The excitement of Halloween …
When Fall and the cool nights descended on our neighborhood, we kids thought of Halloween. We were eager to get out of school and get costumed up, as roaming about with friends and heaps of candy spun in our heads. Halloween was an evening full of excitement and expectation.In the days, maybe weeks before, the questions were “What are you going to be for Halloween?” and “What will the trick be if we don’t get a treat?”
Our costumes were ‘homemade’ … a ghost with a sheet with eyelets over the head, a scarecrow with straw tucked in the sleeves of an old shirt, an old lady with a housedress, a hobo (my regular choice) fashioned with a tattered, over-sized coat and fire-charred cork smeared on my face.Wandering after dark with pillow cases ready, off we went with a group of friends that gathered under the street light. The cold night air was pulsating with kids. Chatter filled the streets. We hoofed from door to door through the shadows, streetlights guiding our way.
But the house lights were lit. Three-decker houses made it easier. Up the stairs we lumbered, collecting with efficiency, our loads getting heavier at each landing. People welcomed us with a smile, a pleasant greeting and a handful of candy … Reese’s Peanut Butter Cups, M&M’s, Mr. Goodbar, Hershey Chocolates, Charleston Chew, and Butterfingers. The neighborhood was thrumming with the sights and sounds of kids opening candy wrappers.We never came up empty, so there was never a trick to deploy but for wax. Except for the sling shot or a bean blower, candle wax was the most dangerous weapon we ever carried. We carried those candles not to light the trick-or-treaters way, but to wax windows … cars and storefronts typically. And wax we did, so much on the store windows that you could not see in or out.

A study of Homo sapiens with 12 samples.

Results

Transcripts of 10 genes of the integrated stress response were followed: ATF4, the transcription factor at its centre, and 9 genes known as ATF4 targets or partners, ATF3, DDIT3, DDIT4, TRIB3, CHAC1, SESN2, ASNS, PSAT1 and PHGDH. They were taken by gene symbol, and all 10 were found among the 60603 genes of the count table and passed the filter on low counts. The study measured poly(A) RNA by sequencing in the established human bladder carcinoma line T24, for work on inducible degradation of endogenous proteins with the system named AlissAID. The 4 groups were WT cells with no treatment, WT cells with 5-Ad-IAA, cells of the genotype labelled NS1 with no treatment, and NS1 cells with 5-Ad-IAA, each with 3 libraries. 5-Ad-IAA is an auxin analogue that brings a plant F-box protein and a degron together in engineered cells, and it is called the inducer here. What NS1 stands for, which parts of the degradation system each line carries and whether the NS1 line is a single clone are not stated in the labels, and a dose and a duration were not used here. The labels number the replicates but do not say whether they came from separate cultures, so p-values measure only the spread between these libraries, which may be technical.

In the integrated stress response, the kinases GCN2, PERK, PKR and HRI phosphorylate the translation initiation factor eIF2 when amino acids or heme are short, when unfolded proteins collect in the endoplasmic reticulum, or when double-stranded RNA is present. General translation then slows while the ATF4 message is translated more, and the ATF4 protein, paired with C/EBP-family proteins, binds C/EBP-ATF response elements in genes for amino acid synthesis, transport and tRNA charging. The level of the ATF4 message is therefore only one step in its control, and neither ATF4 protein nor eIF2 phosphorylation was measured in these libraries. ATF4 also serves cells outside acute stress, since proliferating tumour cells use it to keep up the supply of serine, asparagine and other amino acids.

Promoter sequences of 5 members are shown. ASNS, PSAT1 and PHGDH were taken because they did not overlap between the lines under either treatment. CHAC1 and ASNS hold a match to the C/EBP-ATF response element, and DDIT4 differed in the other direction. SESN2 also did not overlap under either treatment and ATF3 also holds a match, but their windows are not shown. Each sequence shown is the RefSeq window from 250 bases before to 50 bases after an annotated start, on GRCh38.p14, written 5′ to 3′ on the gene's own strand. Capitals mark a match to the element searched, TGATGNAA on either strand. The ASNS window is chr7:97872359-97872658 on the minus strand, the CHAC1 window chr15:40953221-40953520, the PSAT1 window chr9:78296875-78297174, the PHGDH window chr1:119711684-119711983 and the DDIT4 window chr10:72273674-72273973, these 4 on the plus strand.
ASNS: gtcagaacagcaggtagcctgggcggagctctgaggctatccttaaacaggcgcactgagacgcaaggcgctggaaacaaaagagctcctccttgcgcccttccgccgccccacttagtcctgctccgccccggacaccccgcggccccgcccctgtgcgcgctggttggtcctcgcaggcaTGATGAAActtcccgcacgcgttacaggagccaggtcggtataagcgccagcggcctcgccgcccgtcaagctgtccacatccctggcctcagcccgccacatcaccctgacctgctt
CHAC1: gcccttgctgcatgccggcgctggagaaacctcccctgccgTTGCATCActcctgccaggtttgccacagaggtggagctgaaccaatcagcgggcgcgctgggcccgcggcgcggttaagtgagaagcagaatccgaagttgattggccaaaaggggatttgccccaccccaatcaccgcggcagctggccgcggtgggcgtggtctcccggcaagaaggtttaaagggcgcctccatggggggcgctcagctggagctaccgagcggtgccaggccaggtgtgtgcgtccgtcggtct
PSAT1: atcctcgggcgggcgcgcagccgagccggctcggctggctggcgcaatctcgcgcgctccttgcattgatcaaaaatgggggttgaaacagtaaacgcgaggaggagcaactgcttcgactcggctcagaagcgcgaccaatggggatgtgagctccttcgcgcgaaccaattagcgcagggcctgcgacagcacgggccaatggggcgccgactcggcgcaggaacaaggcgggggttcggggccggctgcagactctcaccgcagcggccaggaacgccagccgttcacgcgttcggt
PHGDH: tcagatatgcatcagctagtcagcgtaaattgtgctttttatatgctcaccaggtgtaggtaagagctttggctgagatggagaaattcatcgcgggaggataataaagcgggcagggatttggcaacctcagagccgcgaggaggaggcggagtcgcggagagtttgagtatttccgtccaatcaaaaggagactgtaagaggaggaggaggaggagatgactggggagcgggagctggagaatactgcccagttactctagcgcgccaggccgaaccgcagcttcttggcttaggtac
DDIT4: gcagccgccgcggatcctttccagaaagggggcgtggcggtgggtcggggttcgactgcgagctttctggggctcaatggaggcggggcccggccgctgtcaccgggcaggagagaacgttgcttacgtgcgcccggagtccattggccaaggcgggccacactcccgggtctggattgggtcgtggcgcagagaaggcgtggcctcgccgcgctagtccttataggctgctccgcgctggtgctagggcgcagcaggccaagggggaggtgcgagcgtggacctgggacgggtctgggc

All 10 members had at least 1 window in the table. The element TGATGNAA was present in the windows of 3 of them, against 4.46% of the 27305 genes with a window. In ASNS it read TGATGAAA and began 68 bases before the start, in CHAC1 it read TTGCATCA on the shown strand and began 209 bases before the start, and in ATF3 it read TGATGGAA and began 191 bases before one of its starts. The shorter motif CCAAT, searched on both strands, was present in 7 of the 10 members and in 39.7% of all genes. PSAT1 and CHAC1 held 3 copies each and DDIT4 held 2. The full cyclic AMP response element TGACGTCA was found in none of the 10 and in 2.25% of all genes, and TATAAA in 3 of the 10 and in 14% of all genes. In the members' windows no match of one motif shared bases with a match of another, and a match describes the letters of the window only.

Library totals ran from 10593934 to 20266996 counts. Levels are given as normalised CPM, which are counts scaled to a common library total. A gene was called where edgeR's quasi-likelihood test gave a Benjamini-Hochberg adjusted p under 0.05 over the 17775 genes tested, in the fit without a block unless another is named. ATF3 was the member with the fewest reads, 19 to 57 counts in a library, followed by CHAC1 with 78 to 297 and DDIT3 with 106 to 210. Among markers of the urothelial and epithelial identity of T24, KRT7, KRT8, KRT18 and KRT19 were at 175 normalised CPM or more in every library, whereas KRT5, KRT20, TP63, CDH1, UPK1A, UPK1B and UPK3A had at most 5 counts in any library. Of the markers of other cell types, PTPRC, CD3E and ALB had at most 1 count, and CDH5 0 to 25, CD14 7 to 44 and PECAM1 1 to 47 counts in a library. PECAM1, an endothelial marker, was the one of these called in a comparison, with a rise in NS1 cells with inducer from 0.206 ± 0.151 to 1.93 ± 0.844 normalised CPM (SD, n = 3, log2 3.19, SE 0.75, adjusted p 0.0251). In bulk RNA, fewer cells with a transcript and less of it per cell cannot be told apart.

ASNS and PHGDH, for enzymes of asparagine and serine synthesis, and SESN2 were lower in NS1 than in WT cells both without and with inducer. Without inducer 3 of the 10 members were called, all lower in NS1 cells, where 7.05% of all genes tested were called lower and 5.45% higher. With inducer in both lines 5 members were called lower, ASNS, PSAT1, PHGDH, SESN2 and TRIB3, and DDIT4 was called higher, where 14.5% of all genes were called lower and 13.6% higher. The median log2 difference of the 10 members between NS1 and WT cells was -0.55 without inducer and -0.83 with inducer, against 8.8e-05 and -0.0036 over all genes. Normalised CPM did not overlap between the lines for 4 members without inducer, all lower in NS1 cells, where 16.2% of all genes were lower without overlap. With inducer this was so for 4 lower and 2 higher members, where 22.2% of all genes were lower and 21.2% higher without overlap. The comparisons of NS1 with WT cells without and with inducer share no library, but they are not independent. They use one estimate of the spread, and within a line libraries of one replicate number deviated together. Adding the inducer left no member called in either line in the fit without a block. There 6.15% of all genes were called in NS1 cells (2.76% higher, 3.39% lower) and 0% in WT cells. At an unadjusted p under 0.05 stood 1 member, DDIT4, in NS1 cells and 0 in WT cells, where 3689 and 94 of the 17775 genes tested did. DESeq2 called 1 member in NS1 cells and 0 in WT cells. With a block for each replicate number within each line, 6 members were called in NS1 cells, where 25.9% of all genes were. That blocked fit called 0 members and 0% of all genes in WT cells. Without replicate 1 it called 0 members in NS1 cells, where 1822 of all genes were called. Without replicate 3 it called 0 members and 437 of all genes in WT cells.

At the end of the evening, I was tired and longed for the comfort of my bed. I shuffled the three flights of stairs to our tenement (yes, we lived on the third floor), lugging a full pillow case by my grandmother’s second floor where she was standing and quipped, “Ed-a-wood, you musta be tired in the legs.”
“Yes, Grandma.”By this time, the muscles of my face, set hard by the charcoal, tormented me. It may have been the first time in my life that I realized how wonderful washing my face could be.
The next day, perhaps in a moment of remorse, we went to the stores with single edge razors in hand and asked the owner if they wanted us to remove the wax. “Sure, kids. Go ahead.” He knew. We felt noble and sometimes received a reward, not candy, from the appreciative owner.
I’m not sure what we did with all the candy. Ate some, I guess, at least a few of the Charleston Chews. I recall many pleasures in my youth, Halloween being a highpoint.